Workers on the Tube have voted to strike over the sacking of a colleague who was found to be over the alcohol limit.
Members of the Rail, Maritime and Transport union backed industrial action by 299 votes to 221.
General secretary Mick Cash said: "Our members have voted for industrial action and the union will now consult extensively with our representatives before deciding on our next moves in this dispute.
"The union remains available for talks, at Acas if necessary, and as we have already stated we are ready to abide by any decision made at an Employment Tribunal and cannot understand London Underground's reluctance to agree to that course of action."
LU had urged union members to vote against strikes, insisting they had dismissed the Northern Line driver for failing two random breath alcohol tests, adding that it operates a zero tolerance policy for drugs and alcohol.
Nigel Holness of London Underground said: "We operate a zero tolerance approach towards the consumption of alcohol in order to keep customers and staff safe.
"You wouldn't let someone who had been drinking alcohol drive your family in a car, and we don't let people who have been drinking alcohol drive people's families in Tube trains.
"As we have made clear, strike threats will not alter our commitment to safety, nor will they make us consider reinstating a driver who failed two alcohol breath tests.
"RMT members have sent a clear message to their leadership that they don't support indefensible strike action on this issue.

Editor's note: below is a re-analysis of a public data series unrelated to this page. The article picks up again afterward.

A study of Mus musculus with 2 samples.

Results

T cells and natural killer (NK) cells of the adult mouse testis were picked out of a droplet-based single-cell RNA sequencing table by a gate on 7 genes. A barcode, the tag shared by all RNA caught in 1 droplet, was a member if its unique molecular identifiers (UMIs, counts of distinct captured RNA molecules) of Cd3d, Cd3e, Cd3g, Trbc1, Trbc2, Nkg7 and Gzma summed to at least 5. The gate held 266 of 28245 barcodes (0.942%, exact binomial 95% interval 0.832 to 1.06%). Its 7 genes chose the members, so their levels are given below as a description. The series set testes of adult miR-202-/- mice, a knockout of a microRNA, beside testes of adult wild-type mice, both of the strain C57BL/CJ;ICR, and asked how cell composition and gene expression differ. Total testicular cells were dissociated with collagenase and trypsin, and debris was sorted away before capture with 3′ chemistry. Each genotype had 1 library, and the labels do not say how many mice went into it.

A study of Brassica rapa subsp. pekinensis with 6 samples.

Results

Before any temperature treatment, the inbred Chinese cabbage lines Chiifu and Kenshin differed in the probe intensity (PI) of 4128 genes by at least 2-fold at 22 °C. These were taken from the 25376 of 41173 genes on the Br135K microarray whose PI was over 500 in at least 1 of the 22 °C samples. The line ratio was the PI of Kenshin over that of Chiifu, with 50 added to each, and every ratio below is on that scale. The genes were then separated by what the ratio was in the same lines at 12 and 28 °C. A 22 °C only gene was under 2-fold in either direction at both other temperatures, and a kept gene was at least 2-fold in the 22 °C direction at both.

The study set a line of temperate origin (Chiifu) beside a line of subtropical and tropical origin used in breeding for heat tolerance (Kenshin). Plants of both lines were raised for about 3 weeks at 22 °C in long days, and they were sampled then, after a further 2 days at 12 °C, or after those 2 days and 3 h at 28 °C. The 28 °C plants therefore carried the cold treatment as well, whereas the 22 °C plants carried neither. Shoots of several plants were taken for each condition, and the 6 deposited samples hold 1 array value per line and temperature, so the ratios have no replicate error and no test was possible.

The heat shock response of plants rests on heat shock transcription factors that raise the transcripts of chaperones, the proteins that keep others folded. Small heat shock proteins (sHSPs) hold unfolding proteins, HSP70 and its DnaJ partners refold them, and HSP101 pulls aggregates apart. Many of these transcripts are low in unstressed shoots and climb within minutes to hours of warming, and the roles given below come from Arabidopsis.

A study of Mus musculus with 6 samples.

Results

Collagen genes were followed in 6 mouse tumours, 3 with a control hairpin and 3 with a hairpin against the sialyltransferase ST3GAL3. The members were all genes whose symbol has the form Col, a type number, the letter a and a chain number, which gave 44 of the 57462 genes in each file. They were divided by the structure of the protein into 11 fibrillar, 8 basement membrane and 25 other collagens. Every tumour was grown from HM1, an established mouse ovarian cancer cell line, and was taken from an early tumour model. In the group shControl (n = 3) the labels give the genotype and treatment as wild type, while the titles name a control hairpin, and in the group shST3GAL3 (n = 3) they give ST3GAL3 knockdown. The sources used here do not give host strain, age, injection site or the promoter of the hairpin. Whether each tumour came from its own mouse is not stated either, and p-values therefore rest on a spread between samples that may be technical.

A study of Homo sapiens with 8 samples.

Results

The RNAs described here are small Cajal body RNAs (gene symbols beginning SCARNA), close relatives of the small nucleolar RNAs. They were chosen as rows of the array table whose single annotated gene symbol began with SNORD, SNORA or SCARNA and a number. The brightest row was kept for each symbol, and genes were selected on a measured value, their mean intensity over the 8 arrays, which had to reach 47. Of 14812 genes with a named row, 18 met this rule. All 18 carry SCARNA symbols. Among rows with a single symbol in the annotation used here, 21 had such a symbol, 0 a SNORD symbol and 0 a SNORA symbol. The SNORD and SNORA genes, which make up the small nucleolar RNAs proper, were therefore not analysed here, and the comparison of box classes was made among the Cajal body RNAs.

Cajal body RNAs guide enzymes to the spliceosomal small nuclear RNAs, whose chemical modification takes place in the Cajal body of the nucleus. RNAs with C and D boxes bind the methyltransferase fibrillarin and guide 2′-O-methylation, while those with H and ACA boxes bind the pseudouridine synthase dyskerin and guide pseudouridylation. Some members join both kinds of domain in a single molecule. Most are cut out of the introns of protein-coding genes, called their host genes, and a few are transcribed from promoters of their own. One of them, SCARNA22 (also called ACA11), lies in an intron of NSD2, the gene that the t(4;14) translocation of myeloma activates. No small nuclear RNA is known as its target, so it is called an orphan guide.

"Less than a quarter of those eligible to vote for strike action did so.
"I urge the RMT leadership to see sense and recognise that there is simply no point in taking any further action."
RMT regional organiser John Leach rejected a number of allegations by LU operations director Mr Holness sent out in a letter to union members.
He said: "RMT fully supports the zero-tolerance policy and takes seriously our obligations to protect the safety of passengers and staff.
"We are actually asking for further testing when a hand held breathalyser gives a positive result.
"This makes the process more robust and also complies with the Equalities Act in protecting members of staff with medical conditions.
"The current system is unfair because it doesn't offer safeguards to those with disabilities or who are on certain diets.
"One of LU's own doctors conceded that type 2 diabetes, liver disease and even fasting can give false positives on hand held machines."
Caroline Pidgeon, leader of the Liberal Democrat London Assembly Group, said: "RMT will be insulting Tube passengers if they strike over this issue.
"Striking for better pay and conditions is one thing, but striking in defence of an employee who has failed two random breath tests is indefensible.
"The RMT are the first to give lectures about health and safety when it suits their purposes. It is time that on this issue they practised what they preached and put the safety of passengers first."